Prerequisites for Geoengineering Earth's Climate
Geoengineering -- deliberate manipulation of the Earth's climate to slow or reverse global warming -- has
gained a foothold in the climate change discussion. But before effective action can be taken, the Earth's
natural biogeochemical cycles must be better understood.
Volcanoes Driving the Carbon Cycle
Two Northwestern University studies, both published online recently by Nature Geoscience, contribute new --
and related -- clues as to what drove large-scale changes to the carbon cycle nearly 100 million years ago.
Both research teams conclude that a massive amount of volcanic activity introduced carbon dioxide and sulfur
into the atmosphere, which in turn had a significant impact on the carbon cycle, oxygen levels in the oceans
and marine plants and animals.
Oxygen Level Clues from Carbon-Rich Sediments
Both teams studied organic carbon-rich sediments from the Western Interior Seaway, an ancient seabed stretching
from the Gulf of Mexico to the Arctic Ocean, to learn more about a devastating event 94.5 million years ago
when oxygen levels in the oceans dropped so low that one-third of marine life died.
The authors of the first paper, titled "Volcanic triggering of a biogeochemical cascade during Oceanic Anoxic
Event 2," reveal that before oxygen levels dropped so precipitously there was a massive increase in oceanic
sulfate levels. Their conclusion is based on analyses of the stable isotopes of sulfur in sedimentary minerals
from the central basin of the Western Interior Seaway, located in Colorado.
A Cascade of Biogeochemical Events
The researchers theorize that a massive amount of volcanic activity caused this sulfate spike, which triggered a
cascade of biogeochemical events. More sulfate led to an abundance of the nutrient phosphorous, which allowed
phytoplankton populations in the oceans to multiply. The phytoplankton thrived and then died. Their decomposing
bodies depleted oxygen levels in the oceans, leading to the widespread death of marine animals.
The sedimentary burial of marine organic carbon during this event was so large, some prior studies hypothesized that
it caused a decrease in atmospheric carbon dioxide levels. In the second Nature Geoscience paper, titled "Carbon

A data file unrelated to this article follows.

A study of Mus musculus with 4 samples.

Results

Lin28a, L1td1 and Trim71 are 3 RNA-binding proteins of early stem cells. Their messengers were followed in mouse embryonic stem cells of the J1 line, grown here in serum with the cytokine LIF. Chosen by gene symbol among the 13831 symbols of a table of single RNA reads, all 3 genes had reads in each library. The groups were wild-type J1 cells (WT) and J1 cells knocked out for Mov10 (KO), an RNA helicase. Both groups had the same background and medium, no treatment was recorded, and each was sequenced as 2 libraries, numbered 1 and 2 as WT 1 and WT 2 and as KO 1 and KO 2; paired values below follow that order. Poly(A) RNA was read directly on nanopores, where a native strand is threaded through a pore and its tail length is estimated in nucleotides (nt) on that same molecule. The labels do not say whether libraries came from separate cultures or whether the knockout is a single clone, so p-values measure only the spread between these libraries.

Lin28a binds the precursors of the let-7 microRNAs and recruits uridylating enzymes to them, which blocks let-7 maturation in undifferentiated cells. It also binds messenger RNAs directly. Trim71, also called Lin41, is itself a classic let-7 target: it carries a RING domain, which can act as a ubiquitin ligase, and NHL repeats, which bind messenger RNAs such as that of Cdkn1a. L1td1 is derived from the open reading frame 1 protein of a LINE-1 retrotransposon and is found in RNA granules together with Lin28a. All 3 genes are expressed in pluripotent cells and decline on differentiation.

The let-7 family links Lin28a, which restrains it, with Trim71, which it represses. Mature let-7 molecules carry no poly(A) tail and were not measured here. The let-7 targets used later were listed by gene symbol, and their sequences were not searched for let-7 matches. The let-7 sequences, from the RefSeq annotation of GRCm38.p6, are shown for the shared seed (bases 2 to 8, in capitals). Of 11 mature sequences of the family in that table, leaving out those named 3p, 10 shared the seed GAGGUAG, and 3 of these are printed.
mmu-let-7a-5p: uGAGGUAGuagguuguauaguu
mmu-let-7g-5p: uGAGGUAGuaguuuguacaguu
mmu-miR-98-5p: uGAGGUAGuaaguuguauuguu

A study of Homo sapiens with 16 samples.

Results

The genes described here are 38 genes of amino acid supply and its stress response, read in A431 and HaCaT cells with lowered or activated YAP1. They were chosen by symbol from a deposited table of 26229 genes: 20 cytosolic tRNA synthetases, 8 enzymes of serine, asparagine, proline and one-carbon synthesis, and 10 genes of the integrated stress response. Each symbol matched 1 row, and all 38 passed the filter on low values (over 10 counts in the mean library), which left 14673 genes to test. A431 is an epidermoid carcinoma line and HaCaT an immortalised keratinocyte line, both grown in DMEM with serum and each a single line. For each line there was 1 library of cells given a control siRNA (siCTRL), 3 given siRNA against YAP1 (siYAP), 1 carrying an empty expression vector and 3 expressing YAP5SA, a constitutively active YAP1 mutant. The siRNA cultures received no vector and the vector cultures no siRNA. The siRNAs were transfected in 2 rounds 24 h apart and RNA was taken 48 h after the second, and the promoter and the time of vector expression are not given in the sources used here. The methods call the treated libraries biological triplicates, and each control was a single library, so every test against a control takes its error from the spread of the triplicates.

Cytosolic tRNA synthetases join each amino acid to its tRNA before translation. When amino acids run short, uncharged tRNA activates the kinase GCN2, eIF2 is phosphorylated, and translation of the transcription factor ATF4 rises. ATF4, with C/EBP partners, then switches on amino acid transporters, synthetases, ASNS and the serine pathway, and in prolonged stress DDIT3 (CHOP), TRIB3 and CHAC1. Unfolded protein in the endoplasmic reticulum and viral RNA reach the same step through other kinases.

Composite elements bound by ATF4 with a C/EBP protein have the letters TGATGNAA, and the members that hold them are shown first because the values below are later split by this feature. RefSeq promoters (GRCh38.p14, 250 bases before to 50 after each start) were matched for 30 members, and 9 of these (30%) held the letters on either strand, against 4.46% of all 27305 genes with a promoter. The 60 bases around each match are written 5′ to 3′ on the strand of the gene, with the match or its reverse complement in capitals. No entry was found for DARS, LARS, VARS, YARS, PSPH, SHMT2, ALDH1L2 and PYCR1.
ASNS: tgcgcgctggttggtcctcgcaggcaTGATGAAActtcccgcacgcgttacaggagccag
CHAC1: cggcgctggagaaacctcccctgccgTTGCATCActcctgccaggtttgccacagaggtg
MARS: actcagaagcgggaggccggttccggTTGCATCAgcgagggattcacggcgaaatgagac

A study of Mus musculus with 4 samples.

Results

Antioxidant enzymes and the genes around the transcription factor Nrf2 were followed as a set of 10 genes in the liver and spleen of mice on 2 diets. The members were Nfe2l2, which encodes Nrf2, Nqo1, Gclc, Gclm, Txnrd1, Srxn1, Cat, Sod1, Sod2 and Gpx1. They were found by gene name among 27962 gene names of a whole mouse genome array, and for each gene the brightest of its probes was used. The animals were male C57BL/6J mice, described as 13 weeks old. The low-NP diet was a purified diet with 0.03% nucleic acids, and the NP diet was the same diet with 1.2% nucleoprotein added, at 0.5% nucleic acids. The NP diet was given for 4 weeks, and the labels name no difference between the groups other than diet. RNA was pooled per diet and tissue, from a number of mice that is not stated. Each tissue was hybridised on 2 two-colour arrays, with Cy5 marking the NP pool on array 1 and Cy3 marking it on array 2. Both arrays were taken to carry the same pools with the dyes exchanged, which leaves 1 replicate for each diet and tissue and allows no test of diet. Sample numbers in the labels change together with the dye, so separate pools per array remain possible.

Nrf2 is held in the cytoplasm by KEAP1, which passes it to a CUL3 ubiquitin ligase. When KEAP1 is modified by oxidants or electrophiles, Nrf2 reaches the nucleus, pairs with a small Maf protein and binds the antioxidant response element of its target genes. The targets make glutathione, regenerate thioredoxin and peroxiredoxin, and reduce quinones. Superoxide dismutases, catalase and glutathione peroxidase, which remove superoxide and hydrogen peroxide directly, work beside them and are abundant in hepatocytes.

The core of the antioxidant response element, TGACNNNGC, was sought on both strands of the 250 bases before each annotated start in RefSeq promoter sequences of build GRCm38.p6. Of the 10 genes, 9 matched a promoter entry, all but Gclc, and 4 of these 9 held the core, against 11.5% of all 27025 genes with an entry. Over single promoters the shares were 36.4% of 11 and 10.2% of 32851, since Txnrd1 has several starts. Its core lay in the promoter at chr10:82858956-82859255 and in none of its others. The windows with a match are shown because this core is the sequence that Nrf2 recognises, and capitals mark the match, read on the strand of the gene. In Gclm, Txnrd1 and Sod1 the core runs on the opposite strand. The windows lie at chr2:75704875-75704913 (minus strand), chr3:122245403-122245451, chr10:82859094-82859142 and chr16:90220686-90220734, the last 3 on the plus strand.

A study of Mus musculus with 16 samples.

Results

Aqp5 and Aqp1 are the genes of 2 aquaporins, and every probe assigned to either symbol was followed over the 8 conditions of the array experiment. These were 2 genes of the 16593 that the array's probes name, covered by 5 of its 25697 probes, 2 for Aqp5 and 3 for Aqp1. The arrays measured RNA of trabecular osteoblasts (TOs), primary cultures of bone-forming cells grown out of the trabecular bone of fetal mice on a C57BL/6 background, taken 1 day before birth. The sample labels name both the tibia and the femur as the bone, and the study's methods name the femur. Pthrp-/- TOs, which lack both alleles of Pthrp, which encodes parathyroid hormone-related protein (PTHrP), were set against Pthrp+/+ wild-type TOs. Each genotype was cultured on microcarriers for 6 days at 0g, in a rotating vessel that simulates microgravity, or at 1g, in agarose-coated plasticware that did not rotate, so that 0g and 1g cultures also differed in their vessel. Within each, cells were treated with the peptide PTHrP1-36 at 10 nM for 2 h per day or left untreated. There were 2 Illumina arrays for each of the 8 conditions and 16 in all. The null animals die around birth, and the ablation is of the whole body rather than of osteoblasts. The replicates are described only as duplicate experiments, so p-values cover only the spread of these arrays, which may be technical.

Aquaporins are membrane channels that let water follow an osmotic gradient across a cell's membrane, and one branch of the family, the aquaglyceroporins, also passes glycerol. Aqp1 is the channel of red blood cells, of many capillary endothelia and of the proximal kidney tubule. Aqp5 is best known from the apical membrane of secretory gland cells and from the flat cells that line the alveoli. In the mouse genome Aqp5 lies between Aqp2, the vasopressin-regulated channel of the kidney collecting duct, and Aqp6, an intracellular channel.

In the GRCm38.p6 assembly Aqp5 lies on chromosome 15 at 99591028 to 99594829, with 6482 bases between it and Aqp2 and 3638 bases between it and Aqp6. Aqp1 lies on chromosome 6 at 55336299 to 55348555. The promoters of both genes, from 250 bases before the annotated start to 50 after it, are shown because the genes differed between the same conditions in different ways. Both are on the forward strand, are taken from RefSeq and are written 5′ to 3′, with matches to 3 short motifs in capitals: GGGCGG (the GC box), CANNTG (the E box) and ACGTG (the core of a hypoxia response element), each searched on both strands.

sequestration activated by a volcanic carbon dioxide pulse during ocean anoxic event 2," the researchers tested the
carbon dioxide drawdown prediction. By studying fossil plant cuticle material, they determined the amount of carbon
dioxide in the atmosphere at the time the plants were growing. (The cuticle samples were collected from sites
representing the western shore of the Western Interior Seaway, in present-day southwestern Utah.)
Ocean Anoxia and Atmospheric Carbon Dioxide
This work found that before the onset of ocean anoxia, the level of carbon dioxide in the atmosphere increased by
approximately 20 percent. This significant increase is consistent with the volcanic activity invoked by the first
Northwestern study (described above). The paleo-carbon dioxide reconstruction also detected two episodes of marked
decrease in carbon dioxide levels -- up to 200 parts per million -- at the time of the early phase of marine carbon
burial. This observation provides strong support for the carbon dioxide drawdown hypothesis.
"Our research highlights the previously unappreciated role that the sulfur cycle plays in regulating nutrient cycling,
the carbon cycle and climate," said Matthew Hurtgen, assistant professor of Earth and planetary sciences in the Weinberg
College of Arts and Sciences at Northwestern and lead researcher of the first study.
Accelerating the Modern Carbon Cycle
"These two complementary studies provide a much clearer picture of how the Earth's carbon cycle was dramatically affected
by catastrophic natural events long ago," said Bradley Sageman, professor and chair of Earth and planetary sciences at
Northwestern and a co-author of both papers. "Although these events played out over hundreds or thousands of years, the
magnitude of the changes, in carbon dioxide levels for example, are similar to those of the last 150 years resulting from
human influence on the carbon cycle. The evidence demonstrates that the modern carbon cycle has been accelerated by orders
The Author Team
The sulfur work reported in the paper "Volcanic triggering of a biogeochemical cascade during Oceanic Anoxic Event 2" was
conducted by Derek D. Adams, a doctoral candidate in Hurtgen's research group. Adams is first author of the paper; Hurtgen
and Sageman are the paper's other authors.
Richard S. Barclay, a doctoral candidate in Sageman's research group, is the first author of the "Carbon sequestration
activated by a volcanic carbon dioxide pulse during ocean anoxic event 2" paper. Sageman also is an author, and the third
author is Jennifer McElwain, a professor from University College Dublin who co-advises Barclay's research and is one of the
originators of the cuticle analysis method.